The Czech Republic marks Holocaust Remembrance Day on Friday, January 27th, the anniversary of the liberation of the Auschwitz death camp in 1945. Some 80,000 Bohemian and Moravian Jews perished in the Holocaust, and before the community could even start recovering from the war, the communist regime practically froze its activities. It was not until the fall of communism in 1989 that the Czech Jewish community could start to rebuild.
Theatre director Pavla Dombrovska has long been fascinated by Romany culture; inspired by the vigorous, joyful and often tragic tone of Gypsy music, and enthralled by this people's storytelling tradition. So she set out to adapt for the theatre a collection of Romany folktales: they were compiled - or rather, lovingly transcribed - by the noted scholar Dr Milena Hubschmannova, in the '60s and early '70s. But the play got off to a difficult start: Dombrovska was shocked to find how little she really understood of these "naïve" fairytales, and how
2006 is the 100th anniversary of the foundation of Prague's Jewish Museum, and to mark the event, exhibitions, concerts, films and theatre performances will be held across the country. The festival, dubbed The Year of Jewish Culture, will aim to reflect the huge cultural contribution made by the Jews of Bohemia and Moravia over the centuries.
Helena Trestikova's early documentary Manzelske etudy or Marriage Stories is one of the few Czech television programmes from the communist era which still stands up well today. In this groundbreaking work, Trestikova used the filming method that was later to become her trademark by charting the destinies of six newlywed couples in real time, revisiting and recording their stories over a number of years. The end result proved a big hit with viewers when it was first broadcast in 1987. Now, Helena Trestikova has returned to her original subjects nearly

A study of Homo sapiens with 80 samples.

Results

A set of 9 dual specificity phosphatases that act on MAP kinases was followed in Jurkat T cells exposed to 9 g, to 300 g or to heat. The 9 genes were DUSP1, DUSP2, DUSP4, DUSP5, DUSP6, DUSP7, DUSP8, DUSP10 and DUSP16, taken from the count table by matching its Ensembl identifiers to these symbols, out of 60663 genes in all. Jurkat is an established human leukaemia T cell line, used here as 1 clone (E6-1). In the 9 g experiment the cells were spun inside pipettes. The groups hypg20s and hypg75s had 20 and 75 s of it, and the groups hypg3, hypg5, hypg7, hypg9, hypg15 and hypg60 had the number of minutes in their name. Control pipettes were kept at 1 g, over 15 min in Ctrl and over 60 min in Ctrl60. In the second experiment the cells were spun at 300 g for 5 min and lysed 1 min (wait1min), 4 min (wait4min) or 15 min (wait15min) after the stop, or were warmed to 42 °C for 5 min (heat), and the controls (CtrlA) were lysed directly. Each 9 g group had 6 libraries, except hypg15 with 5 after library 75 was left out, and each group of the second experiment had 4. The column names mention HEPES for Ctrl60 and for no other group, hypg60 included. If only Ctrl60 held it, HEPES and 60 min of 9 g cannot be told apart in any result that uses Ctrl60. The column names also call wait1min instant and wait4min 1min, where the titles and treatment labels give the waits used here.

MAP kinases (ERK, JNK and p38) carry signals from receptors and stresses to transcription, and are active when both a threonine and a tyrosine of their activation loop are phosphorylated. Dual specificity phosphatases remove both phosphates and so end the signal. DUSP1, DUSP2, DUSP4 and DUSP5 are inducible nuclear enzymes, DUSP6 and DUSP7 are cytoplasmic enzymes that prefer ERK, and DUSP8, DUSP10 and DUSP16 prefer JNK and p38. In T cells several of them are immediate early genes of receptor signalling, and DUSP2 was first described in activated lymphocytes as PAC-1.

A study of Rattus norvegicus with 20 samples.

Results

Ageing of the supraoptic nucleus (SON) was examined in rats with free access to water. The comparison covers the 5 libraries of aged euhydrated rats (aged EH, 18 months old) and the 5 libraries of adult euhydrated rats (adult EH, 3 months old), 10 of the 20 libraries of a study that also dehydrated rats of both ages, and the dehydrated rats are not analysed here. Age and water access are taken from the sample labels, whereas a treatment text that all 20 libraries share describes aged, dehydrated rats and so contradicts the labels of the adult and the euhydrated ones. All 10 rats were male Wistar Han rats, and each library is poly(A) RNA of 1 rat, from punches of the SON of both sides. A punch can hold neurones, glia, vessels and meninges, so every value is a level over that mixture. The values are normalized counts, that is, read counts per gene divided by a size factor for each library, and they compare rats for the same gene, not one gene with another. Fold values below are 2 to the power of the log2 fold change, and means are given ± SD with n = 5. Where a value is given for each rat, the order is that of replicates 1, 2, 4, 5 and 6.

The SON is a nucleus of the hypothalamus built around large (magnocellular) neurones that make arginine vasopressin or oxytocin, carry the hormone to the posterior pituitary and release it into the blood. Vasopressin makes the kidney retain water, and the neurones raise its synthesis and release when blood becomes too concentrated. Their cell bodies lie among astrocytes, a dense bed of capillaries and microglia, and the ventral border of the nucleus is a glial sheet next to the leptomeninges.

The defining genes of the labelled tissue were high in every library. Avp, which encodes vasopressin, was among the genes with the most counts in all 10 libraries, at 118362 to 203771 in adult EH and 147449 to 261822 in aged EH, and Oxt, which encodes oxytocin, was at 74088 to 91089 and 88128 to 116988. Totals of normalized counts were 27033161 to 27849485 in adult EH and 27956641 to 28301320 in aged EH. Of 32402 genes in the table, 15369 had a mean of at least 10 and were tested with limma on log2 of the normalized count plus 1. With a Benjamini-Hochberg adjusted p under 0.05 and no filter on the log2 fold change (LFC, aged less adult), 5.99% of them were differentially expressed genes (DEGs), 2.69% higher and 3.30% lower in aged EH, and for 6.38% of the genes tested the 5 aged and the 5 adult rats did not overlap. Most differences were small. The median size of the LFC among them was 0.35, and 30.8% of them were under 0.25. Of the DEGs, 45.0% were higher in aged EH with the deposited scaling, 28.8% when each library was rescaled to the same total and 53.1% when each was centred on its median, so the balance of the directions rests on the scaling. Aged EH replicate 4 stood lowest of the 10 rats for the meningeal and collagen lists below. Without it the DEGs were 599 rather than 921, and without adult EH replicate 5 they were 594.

In this edition of Czechs Today Jan Velinger talks to Czech film director Radim Spacek, whose projects have combined documentary and fiction elements in new ways, twisting traditional narrative. In the past his subjects have included difficult themes such as suicide and war but also a famous crisis at Czech TV.
The new ultra-violent film "Hostel", presented by Quentin Tarantino and directed by Eli Roth, may have made headlines and shocked some in the US by beating King Kong on its opening weekend, but already it is clear the film, one of the most violent in years, will appeal mostly to horror fans. Anyone else, be warned. For Czechs, perhaps the most interesting thing about the film will be the fact that the film was shot in the Czech Republic featuring a number of local actors.
Selling a country's image abroad is by no means an easy task - and when a survey six months ago indicated that many of the Czech Republic's neighbours thought the majority of Czechs were peasants whose major export was sunflower oil, it became alarmingly clear something needed to be done, to present the country in a rich, relevant, and above all, more truthful light. The Foreign Ministry announced a competition to find a new logo for the Czech Republic by the end of the year. The winner was chosen last week.
The 2005 film adaptation of C.S. Lewis's literary classic, "The Chronicles of Narnia: The lion, the Witch and the Wardrobe" is out now in the Czech Republic. Czech viewers will instantly recognise that some scenes were shot in the nature reserve of Cesky raj or Czech Paradise. The unmistakable stunning sandstone formations of Cesky raj and other natural beauties of the Czech Republic are not the only attractions for foreign filmmakers.
The Jezek and Cisek theatre here in Prague is most unusual in that all of its members either are homeless or have spent time on the streets in the past. Its dramaturg, or artistic director, is a young man called Petr Sourek. I caught up with Petr after a recent show at Prague's NoD club, and began by asking him to tell me a bit about the history of the Jezek and Cisek theatre group.
The Jewish Museum in Prague is celebrating its 100th anniversary this year, with a year-long programme of concerts, theatre performances and exhibitions. The events will celebrate the centuries of Jewish life in the Czech Lands, and the substantial cultural contribution of the Jewish community, a community which was decimated by the Holocaust. Rob Cameron spoke to Leo Pavlat, director of the Jewish Museum.